I am working in a pretty big system which runs 100s of processes and each loading 10s of libraries. The libraries provide specific functionality and are provided by separate teams. So when one of the library changes (for a bug fix lets say) ideal thing would be to publish it under-the-hood without impacting the running process. Is it possible ?

EDIT Thanks! In my case when a new library is available all the running processes have to start using it. Its not option to let them run with the old version and pick-up the new one later. So it looks like the safer option is to just reload the processes.


8 Answers 8

up vote 2 down vote accepted

You cannot upgrade a linked library on the fly with a process running. You could even try to, but if you succed (and you'll not fail with a "text file is in use" error message), you'll have to restart the process to make it mapping the new library into memory.

You can use lsof command to check which libraries are linked in (runtime or linktime):

lsof -p <process_pid> | grep ' mem '
pldd: command not found. apt-cache search pldd: none found... –  dAm2K Apr 6 '12 at 11:52
It was only added to glibc in March this year. Your distribution may not include it yet. –  Mikel Apr 6 '12 at 14:13

One interesting technique, although it is somewhat prone to failure in the checkpoint restore step, is to do an invisible restart.

Your server process or whatever it is, saves all its necessary information into disk files. Including the file descriptor numbers and current states. Then, the server process does an exec system call to execute itself, replacing the current version of itself. Then it reads its state from the disk files and resumes serving its file descriptors as if nothing happened.

If all goes well, the restart is invisible and the new process is using all of the updated libraries.


At the very least, you have to make sure that the interface of the library does not change between versions. If that is assured, then I would try looking into dynamically loading the libraries with dlopen/dlsym and see if dlclose allows you to re-load.

I've never done any of this myself, but that's the path I'd pursue first. If you go this way, could you publish the results?



you can simply upgrade and the running process will continue with the old version, and pick up the new version when it restarts, assuming that your package management system is good and knows what is comptible to install.


One way to use it is as follows:

You maintain a version counter in your build system. You build the shared library with:

ld ..... -h mylibrary.so.$VERSION

however, you put it in your dev tree's lib as just plain mylibrary.so. (There's also a hack involving putting the entire .so into a .a file).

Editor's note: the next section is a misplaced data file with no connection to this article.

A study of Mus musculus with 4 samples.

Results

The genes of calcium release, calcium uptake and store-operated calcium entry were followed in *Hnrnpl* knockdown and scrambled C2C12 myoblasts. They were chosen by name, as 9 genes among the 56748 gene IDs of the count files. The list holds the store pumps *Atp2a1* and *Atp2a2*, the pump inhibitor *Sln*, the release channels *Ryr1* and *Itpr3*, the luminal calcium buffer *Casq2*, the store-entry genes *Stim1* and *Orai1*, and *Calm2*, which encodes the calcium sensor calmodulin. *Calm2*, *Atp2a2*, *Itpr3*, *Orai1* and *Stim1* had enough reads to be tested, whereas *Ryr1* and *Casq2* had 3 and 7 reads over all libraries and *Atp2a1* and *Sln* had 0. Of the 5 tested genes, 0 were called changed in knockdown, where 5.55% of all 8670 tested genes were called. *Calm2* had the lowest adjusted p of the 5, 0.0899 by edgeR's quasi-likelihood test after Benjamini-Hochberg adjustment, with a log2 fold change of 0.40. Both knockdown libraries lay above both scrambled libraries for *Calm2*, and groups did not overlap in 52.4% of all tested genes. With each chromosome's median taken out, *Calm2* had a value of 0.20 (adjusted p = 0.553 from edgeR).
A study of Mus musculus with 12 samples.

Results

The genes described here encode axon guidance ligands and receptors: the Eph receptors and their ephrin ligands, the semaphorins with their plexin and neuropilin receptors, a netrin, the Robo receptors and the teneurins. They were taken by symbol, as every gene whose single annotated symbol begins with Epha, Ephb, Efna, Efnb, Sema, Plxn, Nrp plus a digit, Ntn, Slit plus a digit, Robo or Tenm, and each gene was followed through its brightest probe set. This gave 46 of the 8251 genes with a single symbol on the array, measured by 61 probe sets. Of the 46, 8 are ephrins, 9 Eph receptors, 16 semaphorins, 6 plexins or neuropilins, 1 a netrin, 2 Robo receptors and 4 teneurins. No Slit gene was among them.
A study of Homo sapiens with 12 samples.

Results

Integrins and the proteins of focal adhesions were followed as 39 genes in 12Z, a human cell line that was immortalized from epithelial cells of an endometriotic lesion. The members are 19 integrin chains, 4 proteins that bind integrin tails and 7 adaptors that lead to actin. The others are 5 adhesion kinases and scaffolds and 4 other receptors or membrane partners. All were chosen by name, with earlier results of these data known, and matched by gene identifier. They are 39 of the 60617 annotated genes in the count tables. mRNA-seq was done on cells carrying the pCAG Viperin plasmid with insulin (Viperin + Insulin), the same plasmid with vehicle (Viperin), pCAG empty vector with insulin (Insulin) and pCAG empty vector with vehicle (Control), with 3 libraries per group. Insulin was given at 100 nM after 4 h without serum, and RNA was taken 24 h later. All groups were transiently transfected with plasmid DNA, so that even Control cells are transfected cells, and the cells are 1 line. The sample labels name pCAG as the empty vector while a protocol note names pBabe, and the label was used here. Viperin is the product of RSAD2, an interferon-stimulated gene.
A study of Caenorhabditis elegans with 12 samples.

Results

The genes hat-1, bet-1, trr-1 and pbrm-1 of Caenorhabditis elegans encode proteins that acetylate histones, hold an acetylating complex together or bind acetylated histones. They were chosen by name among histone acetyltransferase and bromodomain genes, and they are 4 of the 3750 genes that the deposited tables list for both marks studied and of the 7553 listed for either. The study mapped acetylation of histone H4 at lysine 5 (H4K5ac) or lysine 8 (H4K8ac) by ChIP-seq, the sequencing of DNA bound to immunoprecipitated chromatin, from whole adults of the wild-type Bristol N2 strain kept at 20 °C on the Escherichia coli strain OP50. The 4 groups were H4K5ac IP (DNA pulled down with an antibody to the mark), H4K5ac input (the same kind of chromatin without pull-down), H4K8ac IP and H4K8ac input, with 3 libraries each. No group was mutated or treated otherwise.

Now, at runtime, processes using the library look for the fully-versioned name. To roll out a new version, you just add the new version to the picture. Running programs linked against the old version continue to use it. As programs are relinked and tested against the new one, you roll out new executables.


Don't do this: cat new.so > old.so ...because eventually, your process may try to demand page something, and find that it's not in the correct spot anymore. It's a problem because the addresses of things may change, and it's still the same inode; you're just overwriting the bytes in the file.

However, if you: mv new.so old.so You'll be OK on most systems, because your running processes can hold onto a now-unnamed inode for the old library, while new invocations of your processes get the new file. BUT, some kernels don't like to let you mv an in-use .so, perhaps out of caution, perhaps for their own simplicity.


If you expect libaries to change on a fairly regular basis, and you expect to maintain up-time, I think that your system should be re-engineered so that such libraries actually become loosely coupled components (e.g. services).

Having said that, my answer to the question is yes: under certain circumstances, it possible to update shared libraries without restarting processes. In most cases I expect it is not possible, for instance when the API of your library changes, when the arrangement of your data segment changes, when the library maintains internal threads. The list is quite long.

For very small bug fixes to the code, you can still make use of ptrace to write to the process memory space, and from there redo what /lib/ld-linux.so does in terms of dynamic linking. Honestly, it is an extremely complex activity.